The Ministry of Transportation has penalized maintenance contractors clearing provincial highways in northwestern Ontario for not meeting winter maintenance standards.

In an email to CBC News, ministry spokesperson Annemarie Piscopo confirmed the three area highway maintenance companies have been fined this winter. The companies are Transfield Services in Kenora, Carillion Canada Inc. for Thunder Bay East and Integrated Maintenance and Operations Services (IMOS) for Thunder Bay West.

Piscopo said the MTO can't reveal how much the penalties amount to, because it's a contractual matter — but she described them as "significant financial consequences."

winter driving

Highway maintenance was a hot topic at a recent meeting of the Rainy River District Municipal League. (Yvon Theriault/Radio-Canada)


Atikokan Mayor Dennis Brown. (Matt Prokopchuk/CBC)

The fines come as no surprise to the people who attended a recent meeting of the Rainy River District Municipal League, where highway maintenance was a hot topic of discussion.

“We [had] several guest speakers and this was probably the most interesting of all,” said Atikokan mayor Dennis Brown.

“There's a lot of concern about that, about the roads this year … with the number of accidents and the casualties and the tragedies.”

According to Brown, some of the fines have been in the six-figure range.

One of the highway contractors told CBC News the company is not allowed to comment on road maintenance issues.

Email to CBC News from Ontario Ministry of Transportation, Northwestern Region:

The safety of the people travelling on Ontario highways is a responsibility that the ministry takes very seriously. Our winter maintenance standards have been developed based on extensive experience and are consistent with the best practices of highway authorities inNorth America.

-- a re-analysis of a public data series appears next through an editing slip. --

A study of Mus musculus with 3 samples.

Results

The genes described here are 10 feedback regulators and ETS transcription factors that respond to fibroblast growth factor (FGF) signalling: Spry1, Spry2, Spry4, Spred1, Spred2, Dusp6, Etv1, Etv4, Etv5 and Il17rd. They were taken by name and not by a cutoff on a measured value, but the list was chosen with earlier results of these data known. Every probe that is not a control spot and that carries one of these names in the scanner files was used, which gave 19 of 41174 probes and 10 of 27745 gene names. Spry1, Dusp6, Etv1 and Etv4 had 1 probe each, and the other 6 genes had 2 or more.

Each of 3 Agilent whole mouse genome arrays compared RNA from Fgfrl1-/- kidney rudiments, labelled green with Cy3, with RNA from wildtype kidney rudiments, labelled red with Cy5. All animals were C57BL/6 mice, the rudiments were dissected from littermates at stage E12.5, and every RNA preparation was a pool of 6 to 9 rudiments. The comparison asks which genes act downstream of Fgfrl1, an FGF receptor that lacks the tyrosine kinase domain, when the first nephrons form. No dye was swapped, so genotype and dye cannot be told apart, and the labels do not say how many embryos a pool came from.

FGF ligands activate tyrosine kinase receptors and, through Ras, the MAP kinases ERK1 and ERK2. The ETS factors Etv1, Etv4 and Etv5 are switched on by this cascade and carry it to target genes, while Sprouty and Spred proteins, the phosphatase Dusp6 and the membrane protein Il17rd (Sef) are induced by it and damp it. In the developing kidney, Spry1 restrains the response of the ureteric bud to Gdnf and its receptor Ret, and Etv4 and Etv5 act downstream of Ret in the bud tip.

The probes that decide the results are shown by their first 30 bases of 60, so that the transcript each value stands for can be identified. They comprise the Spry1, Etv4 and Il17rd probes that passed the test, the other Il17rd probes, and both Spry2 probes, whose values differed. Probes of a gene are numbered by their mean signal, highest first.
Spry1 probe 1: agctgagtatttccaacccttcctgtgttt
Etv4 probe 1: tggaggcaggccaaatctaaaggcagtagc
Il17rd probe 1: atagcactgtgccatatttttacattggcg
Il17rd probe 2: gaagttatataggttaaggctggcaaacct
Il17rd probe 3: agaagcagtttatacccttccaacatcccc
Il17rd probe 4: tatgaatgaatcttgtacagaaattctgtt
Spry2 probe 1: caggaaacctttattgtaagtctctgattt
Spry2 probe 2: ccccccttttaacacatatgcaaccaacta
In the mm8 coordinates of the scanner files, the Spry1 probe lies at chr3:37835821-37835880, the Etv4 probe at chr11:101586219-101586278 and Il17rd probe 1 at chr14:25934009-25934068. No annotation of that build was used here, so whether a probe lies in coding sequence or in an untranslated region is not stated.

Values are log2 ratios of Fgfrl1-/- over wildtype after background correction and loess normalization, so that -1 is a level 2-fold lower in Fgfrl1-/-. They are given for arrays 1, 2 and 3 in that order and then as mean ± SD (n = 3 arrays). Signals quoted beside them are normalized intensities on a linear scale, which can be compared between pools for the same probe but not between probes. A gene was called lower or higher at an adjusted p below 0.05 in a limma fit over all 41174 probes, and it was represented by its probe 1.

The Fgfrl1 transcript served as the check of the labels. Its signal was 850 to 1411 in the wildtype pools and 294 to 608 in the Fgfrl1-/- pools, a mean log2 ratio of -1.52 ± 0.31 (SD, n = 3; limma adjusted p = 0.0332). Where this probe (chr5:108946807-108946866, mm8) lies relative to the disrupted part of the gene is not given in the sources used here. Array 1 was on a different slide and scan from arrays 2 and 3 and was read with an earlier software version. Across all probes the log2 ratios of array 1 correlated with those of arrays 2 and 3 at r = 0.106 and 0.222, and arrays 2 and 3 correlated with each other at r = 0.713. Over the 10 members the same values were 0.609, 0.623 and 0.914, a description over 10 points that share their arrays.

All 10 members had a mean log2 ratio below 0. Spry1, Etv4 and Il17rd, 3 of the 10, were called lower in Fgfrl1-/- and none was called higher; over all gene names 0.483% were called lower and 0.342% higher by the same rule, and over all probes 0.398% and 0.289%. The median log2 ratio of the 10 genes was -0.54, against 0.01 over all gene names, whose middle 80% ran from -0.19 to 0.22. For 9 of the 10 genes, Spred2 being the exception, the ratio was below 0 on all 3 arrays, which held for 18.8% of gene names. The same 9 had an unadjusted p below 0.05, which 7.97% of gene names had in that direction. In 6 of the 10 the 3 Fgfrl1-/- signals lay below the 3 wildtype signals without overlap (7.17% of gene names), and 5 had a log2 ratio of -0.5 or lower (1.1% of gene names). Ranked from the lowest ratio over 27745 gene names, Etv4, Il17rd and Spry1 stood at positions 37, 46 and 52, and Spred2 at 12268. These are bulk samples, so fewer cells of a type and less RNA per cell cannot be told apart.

While our contract requirements and models have changed over the years, our standards have not. The ministry monitors the contractor's operations to ensure they are meeting the requirements of their contract and our high standards for winter maintenance.  Through the use of automated vehicle locaters (GPS), ministry staff routinely monitor equipment response times and equipment route times. Snow accumulation, time to achieve bare pavement conditions, radio logs, and police call reports are also monitored to ensure maintenance standards are met.

If we find that an operational requirement is not met, we impose financial consequences and compel the contractor to review and modify their operations to ensure that requirements are met in the future.

The majority of reviews are conducted on a random basis and can include a broad range of items before, during and after the winter event, including: when were plows or spreaders deployed, what operations were conducted through the storm (plowing, spreading, clean up), anti-icing in advance of the storm (if conditions were appropriate for anti-icing), documents and information recorded by the contractor. 

Other factors are considered such as driver behaviour, weather information and the highway layout. We do monitor contractor performance and do apply significant financial consequences when we find contractors have not performed as per the terms of the contract.

We have applied consequences this winter season to all of the AMCs in this region.

While individual payment issues cannot be disclosed publicly, they are administered according to the contract documents. We do not release specific information on financial non-conformances or the specific amount of consequences imposed on contractors, as this is a contractual matter between the Ministry and the contractor.